MANILA, Philippines - A survivor of Super Typhoon Yolanda urged the United Nations Human Rights Council (UNHRC) in Geneva to investigate the government’s “slow, inefficient and inadequate” response to the plight of millions of her comrades.

Irma Balaba, a member of the delegation of the Ecumenical Voice for Peace and Human Rights (EcuVoice) in the Philippines, said thousands of desperate and traumatized residents fled the regions that Yolanda had affected.

The typhoon’s impact exacerbated the poverty incidence and intensified the number of victims of displacement in the Philippines, she added.

Representing the National Council of Churches of the Philippines, Balaba made an oral intervention delivered before member-states at the 26th session of the UNHRC in Geneva, Switzerland last Thursday.

“Up until now, the government does not have an alternative plan for the displaced communities that would ensure their long-term alternative livelihood, safe relocation areas, free housing and access to social services,” she said.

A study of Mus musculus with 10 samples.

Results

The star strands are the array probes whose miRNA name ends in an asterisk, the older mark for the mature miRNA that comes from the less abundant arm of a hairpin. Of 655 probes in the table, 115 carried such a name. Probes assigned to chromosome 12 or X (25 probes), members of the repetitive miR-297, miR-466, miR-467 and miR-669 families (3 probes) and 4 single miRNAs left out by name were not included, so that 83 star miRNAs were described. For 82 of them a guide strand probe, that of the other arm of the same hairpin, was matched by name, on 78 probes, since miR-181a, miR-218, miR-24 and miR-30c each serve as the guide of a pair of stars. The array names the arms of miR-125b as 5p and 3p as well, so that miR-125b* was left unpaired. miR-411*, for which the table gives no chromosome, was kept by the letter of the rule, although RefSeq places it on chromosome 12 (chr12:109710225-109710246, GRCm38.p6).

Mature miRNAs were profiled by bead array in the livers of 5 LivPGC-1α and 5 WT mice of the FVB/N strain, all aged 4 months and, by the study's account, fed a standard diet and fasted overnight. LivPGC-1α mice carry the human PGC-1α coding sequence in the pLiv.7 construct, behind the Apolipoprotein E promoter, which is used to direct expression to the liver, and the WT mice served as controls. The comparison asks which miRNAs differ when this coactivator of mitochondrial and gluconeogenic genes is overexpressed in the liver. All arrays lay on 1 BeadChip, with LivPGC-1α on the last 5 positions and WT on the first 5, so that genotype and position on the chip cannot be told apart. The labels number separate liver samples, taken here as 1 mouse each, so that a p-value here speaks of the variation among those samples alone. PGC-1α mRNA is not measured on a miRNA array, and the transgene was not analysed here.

Balaba also urged the UNHRC to monitor and investigate how the assistance of the international community has been extended for relief and rehabilitation in devastated areas.


She is also part of the Philippine delegation of human rights advocates participating in the UNHRC sessions.

Rights advocates said the administration must also concentrate on aid workers who provide crucial, timely and relevant support for the victims.

From March 2012 to February 2013, Karapatan and Bagong Alyansang Makabayan documented 12 cases of break-ins in houses of activists and peace advocates, and offices of progressive organizations.

They involved robberies of items like laptops, USB/flash drives, video cameras, as well as surveillance of known personalities and members of such organizations and institutions.

Heading the EcuVoice delegation at the UNHRC, Karapatan secretary-general Cristina Palabay said: “It appears that the intelligence operatives of the state are gathering more data on their perceived government critics and even aid organizations. These incidents are clearly systematic attacks against organizations and institutions, made to appear as cases of common crimes. It is only the military which would have the motive and means to carry out these attacks.”